HSC Chemistry, HSC Chemistry 7, Software for Process simulation, Reactions Equations, Heat and Material Balances, Equilibrium Calculations, Electrochemical Cell Equilibriums, Eh-pH Diagrams – Pourbaix diagram
All modules included as standard

  1. Sim - Process simulation
  2. LCA Evaluation
  3. Mass Balance
  4. Reaction Equations
  5. Heat and Material Balances
  6. Heat Loss Calculator
  7. Equilibrium Calculations
  8. Exergy Balance
  9. Eh-pH Diagrams - Pourbaix
  10. H, S, Cp and Ellingham Diagrams
  11. Tpp Diagram-Stability diagrams
  12. Lpp Diagrams-Stability diagrams
  13. Water - Steam tables, etc.
  14. H, S, Cp Estimates
  15. Benson Estimation
  16. Species Converter
  17. Periodic Chart-Elements
  18. Measure Units
  19. HSC AddIn Functions
  20. Aqua
  21. Geo-Mineralogical calculations
  22. Map-GPS material stock
  23. Fit-Numerical Data fit
  24. Data-Statistical analysis
All included as standard

HSC Thermochemical Database
Water Steam/Fluid Database
Heat Conduction Database
Heat Convection Database
Surface Radiation Database
Gas Radiation Calculator
Particle Radiation Calculator
Elements Database
Measure Units Database
Minerals Database
Aqueous Solution Density Database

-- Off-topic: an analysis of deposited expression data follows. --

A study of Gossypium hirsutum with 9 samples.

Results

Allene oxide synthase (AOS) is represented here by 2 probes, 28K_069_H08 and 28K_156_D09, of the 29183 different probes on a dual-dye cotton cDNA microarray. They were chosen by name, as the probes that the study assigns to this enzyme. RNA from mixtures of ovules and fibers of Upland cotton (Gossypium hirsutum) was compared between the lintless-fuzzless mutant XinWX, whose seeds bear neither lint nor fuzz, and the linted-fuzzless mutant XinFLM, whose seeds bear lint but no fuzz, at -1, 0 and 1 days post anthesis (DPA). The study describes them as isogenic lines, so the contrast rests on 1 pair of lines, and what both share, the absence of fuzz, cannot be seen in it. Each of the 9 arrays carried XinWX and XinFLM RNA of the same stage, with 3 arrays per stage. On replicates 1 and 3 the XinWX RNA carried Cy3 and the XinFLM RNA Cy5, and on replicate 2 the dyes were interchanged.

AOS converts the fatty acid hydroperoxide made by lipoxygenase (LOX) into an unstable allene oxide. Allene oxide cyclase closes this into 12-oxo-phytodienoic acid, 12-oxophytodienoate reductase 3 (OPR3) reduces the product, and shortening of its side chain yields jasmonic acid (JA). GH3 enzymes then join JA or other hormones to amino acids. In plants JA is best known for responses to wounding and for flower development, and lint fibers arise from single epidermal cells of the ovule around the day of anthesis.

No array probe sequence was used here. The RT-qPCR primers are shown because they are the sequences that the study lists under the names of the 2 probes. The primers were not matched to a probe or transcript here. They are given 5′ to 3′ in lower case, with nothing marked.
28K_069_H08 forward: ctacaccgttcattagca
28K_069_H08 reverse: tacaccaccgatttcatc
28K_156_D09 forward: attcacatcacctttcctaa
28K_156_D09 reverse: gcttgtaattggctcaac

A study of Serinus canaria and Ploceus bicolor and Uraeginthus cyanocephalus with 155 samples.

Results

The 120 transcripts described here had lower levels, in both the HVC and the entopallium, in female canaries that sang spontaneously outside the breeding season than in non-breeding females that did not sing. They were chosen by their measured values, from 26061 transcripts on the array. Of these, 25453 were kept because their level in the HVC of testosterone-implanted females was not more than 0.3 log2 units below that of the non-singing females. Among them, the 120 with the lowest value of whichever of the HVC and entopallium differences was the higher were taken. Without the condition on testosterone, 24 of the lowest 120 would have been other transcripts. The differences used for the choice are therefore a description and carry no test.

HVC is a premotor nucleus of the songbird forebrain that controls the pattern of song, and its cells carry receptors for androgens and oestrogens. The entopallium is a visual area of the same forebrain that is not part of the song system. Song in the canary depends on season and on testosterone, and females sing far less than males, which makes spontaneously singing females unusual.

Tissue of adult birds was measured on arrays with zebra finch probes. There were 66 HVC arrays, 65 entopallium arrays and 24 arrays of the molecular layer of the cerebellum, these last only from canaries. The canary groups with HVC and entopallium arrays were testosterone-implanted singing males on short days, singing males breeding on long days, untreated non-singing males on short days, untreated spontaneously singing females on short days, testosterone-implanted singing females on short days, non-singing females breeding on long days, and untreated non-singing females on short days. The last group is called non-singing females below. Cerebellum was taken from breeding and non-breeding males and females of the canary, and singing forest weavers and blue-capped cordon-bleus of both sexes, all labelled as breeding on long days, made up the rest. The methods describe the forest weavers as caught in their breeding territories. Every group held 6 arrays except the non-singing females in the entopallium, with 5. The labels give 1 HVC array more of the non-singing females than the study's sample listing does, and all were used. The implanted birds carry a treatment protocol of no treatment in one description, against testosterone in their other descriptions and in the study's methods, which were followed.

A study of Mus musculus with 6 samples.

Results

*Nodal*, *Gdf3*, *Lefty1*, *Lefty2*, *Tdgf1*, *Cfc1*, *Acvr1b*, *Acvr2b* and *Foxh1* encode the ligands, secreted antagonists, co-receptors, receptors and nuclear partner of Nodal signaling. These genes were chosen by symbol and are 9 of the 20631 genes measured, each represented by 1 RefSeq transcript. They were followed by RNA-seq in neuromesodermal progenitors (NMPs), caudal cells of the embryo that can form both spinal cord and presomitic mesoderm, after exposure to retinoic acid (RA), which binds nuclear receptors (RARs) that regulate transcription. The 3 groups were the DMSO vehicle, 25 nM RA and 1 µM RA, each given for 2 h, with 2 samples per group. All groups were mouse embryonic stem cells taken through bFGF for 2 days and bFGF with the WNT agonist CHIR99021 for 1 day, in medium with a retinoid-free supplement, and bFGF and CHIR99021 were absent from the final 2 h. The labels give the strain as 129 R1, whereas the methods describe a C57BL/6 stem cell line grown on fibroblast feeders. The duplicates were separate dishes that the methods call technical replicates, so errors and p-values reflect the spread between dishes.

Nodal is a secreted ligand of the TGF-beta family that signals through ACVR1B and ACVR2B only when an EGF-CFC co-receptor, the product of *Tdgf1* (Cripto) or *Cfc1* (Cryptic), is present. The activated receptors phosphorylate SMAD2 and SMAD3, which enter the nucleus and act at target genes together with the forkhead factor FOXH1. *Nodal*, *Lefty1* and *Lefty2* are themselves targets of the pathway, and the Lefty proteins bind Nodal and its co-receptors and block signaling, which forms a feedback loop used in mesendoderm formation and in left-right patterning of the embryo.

The Pitzer parameter Database

Heat balance calculations are needed to estimate the energy requirements and the cost of the process, as well as the operation preconditions. In fact, no process will work unless the heat balance is met.

HSC Heat and Material Balance

Input and output species, as well as their amounts and temperatures, are needed for the calculations. HSC recalculates the heat balance every time the initial conditions are changed. In this way you can, for example, find the optimal preheating temperature for raw materials to offset the electrical heating of the reactor system.

Theoretical heat balances can be calculated by taking species and amounts from the reaction equations or equilibrium calculations. Real heat balances can be calculated by taking species and amounts from experimental results. These balances are very useful when scaling up processes from laboratory to industrial scale.

By pointing and pressing on the appropriate buttons, the user can select either Celsius or Kelvins for temperature, moles or kilograms for amounts, and calories or joules for energy units.

The Temp. Balance button is used to obtain the product temperature with a zero heat balance. In the case of gaseous combustion processes with zero heat exchange with the environment, this yields the adiabatic flame temperature.

Both input and results can be saved as text files by pressing the Save button. This assures the files will be available later for editing in HSC or use in other programs.